British pianist Stephen Hough has sparked a lively debate by suggesting in an article that classical concerts could be “shorter” to attract younger or new audiences, or allow venues and musicians to offer two concerts in one evening. He has also hinted that intervals could be ditched in favour of a performance lasting around 70 minutes, and that concerts could start at different times (in the UK the standard start time for an evening concert is 7.30pm) perhaps to allow two performances in the same evening. Reactions online to these suggestions have ranged from outrage (at the thought of anyone messing around with the “traditional concert format”) to applause (for creative thinking).
In fact what Stephen Hough is suggesting is not that new. Many musicians, ensembles, orchestras and venues have been experimenting with different ways of presenting classical music for some time, from rush-hour concerts at 6.30pm to Wigmore Lates, 45-minute lunchtime concerts or lecture-recitals. Earlier this year I met and interviewed John Landor whose innovative Meet the Music concerts allow audience members to get right up close and personal with the musicians and the music, literally, while the Orchestra of the Age of Enlightenment has for some time offered concerts in pubs and late-night “speed-dating” sessions where the audience can meet the musicians after the performance.
Trying to encourage “young people” to come to classical music concerts is an ongoing preoccupation of ………well, anyone with an opinion on the future of classical music, it would appear. There seems to be a current misconception about young people that because they are used to the instant gratification of the internet and platforms like YouTube, Spotify, Netflix et al, they are incapable of sitting through a concert or performance lasting more than 30 minutes, maximum, in one go. Personally, I think it is less to do with this and more to do with education – or lack thereof – that has inculcated in them the idea that classical music is “boring”.
Personally, I have never had a problem with the length of concerts. I think this is partly due to the fact that from a very young age I was taken to concerts and opera at which I was asked by my parents to sit quietly and attentively. In fact, my mother used to say to me that it was “very rude to yawn or fidget” during the performance “because the musicians can see you and will be offended if they think you’re not listening properly!”. Having been on the other side of the stage, so to speak, as a performer in recent years, I am not so sure she was right (I tend not to look at the audience, as a pianist, until I stand to bow), but I think her comments certainly taught me to be a well-mannered and attentive concert goer. In over 40 years of concert going I have only twice fallen asleep during a concert, once during a Prom which I had rushed up the M3 in the car to get to (and I also fell asleep momentarily at the wheel of the car during the journey). I also feel slightly embarrassed if I leave during the interval (again, something I rarely do).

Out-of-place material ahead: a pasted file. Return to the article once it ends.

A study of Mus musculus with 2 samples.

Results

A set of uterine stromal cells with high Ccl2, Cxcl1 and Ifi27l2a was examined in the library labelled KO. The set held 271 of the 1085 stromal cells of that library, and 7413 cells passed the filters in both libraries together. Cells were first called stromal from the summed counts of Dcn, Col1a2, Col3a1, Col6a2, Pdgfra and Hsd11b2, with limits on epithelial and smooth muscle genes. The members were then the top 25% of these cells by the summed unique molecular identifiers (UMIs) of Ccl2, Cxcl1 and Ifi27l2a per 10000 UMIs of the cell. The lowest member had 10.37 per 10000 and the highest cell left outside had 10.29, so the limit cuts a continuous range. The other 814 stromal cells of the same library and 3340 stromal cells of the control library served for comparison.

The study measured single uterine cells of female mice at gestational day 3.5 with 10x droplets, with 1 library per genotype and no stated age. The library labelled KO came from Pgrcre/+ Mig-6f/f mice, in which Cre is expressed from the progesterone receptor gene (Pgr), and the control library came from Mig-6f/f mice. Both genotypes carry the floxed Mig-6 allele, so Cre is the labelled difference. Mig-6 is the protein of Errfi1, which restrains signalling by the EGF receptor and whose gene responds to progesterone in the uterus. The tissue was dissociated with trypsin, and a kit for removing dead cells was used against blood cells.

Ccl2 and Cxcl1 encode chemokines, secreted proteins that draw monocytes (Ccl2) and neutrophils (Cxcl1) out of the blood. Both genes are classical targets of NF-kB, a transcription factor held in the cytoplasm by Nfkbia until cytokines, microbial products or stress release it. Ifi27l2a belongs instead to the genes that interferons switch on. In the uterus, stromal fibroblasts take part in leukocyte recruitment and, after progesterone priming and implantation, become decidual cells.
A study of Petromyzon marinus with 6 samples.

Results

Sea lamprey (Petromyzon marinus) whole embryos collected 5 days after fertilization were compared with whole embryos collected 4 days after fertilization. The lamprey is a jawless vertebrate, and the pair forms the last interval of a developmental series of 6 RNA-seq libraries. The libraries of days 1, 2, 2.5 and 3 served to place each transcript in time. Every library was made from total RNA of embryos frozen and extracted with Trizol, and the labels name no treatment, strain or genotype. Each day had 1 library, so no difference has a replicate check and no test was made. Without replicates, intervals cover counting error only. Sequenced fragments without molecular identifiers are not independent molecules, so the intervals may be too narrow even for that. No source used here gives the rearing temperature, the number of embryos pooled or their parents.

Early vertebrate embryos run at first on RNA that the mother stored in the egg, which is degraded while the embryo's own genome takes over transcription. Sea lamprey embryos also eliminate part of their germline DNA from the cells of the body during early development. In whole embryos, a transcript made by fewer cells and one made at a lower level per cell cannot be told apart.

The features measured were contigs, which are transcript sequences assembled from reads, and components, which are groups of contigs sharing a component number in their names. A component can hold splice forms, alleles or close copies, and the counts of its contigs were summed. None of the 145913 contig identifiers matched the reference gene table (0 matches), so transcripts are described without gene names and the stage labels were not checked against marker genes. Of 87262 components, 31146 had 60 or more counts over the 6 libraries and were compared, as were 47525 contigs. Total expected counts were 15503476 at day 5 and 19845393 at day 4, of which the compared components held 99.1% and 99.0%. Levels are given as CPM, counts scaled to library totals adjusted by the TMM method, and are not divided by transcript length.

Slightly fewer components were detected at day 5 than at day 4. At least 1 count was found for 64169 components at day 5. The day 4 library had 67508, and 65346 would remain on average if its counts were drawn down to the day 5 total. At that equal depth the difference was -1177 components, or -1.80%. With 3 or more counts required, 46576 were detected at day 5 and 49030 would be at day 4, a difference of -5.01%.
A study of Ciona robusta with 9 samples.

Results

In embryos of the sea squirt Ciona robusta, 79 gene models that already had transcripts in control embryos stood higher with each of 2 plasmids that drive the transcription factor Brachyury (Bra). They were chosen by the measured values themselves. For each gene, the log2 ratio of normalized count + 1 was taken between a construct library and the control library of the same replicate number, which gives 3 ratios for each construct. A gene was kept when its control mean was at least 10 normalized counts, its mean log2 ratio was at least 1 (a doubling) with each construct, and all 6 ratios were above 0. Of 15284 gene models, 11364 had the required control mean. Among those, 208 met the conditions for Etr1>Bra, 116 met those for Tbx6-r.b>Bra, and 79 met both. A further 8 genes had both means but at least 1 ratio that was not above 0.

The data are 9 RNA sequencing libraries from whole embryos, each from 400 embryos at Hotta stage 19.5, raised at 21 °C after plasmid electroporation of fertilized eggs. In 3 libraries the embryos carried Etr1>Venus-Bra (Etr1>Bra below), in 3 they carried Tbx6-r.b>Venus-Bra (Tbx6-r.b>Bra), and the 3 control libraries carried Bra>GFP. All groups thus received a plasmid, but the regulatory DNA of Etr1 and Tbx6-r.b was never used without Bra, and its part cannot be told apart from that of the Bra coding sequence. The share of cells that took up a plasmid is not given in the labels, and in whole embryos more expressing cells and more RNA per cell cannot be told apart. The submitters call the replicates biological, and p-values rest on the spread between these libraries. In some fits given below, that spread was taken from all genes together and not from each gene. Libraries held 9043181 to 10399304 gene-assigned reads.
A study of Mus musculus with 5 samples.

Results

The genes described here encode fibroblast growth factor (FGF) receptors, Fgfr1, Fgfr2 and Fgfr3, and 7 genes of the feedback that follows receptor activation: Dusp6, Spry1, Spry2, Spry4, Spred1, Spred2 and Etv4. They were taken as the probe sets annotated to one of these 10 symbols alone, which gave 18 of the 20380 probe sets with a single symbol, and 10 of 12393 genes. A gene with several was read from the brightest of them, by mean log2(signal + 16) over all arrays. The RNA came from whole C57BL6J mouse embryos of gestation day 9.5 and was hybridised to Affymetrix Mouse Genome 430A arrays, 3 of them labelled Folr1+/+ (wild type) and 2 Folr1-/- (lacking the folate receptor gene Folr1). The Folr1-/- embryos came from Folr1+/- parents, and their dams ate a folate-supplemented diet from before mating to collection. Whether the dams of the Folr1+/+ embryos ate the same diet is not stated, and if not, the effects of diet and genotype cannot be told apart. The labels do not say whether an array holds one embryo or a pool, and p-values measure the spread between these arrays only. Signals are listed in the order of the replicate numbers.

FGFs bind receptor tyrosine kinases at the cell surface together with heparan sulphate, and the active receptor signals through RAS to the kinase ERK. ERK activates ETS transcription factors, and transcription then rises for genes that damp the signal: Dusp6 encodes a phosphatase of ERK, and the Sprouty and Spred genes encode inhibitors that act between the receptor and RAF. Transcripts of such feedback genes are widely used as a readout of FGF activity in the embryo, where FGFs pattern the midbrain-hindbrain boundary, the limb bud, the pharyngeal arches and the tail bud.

The length of a concert is dictated by many factors, including the programme of music being performed, type of venue, and time of day. Sometimes performers like to run a whole 70-90-minute programme without a break (Pierre-Laurent Aimard did this a few year’s ago with his Liszt Project cycle at the Southbank), and certain works, such as Messiaen’s Vingt Regards, are best performed (in my humble opinion) without a break to allow listener, and performer, to appreciate the arc of the narrative. But some repertoire is very demanding for the soloist and an interval may be necessary not only for the performer/s to have a break, a pee and a drink, and regroup before going back on stage, but also for the audience to pause and reflect on what they have heard, have a break, chat with friends and go back for the second half with refreshed ears and mind.
And I think it’s easy to forget too that for many people going to a concert is very much a social experience: it’s not just about the music, though of course that is the greater part of the evening, but it is also about meeting friends, sharing the excitement of live music, the conversations afterwards about what you heard.
Other factors dictate how long one can last in the auditorium, such as comfort of seats (Cadogan Hall has the comfiest seats in London), climate (the Royal Albert Hall can sometimes be unbearably hot and airless), and quality of the “social areas” (bars, foyers etc).
So I think what Stephen Hough is really suggesting is that it’s important to keep thinking of creative and exciting ways to present classical music. Concerts may be short or long, with or without interval, or formal dress. Performers may speak to the audience beforehand, or be interviewed, or maybe there is a pre-concert talk, or a post-concert Q&A session. We don’t need “gimmicks” to sell classical music – and most young people can spot a gimmick which has been thought up by a focus group or a bunch of middle aged people trying (and failing) to get on down with the kids. The most important thing is not to patronise audiences or talk down to them.
This is a very interesting discussion – feel free to leave your thoughts on this subject in the comments box below.
Readers may be interested in the Music Marathon project at St John’s Smith Square, London which takes place over the weekend of 17 and 18 September as part of Open House London 2016. Soloists, choirs and ensembles will perform over a 24-hour period while the doors of St John’s will be open during the entire weekend to allow people to come in and explore the building, while also enjoying performances by a wide range of musicians (I will be performing there from 1.15-1.30pm on Saturday 17 September).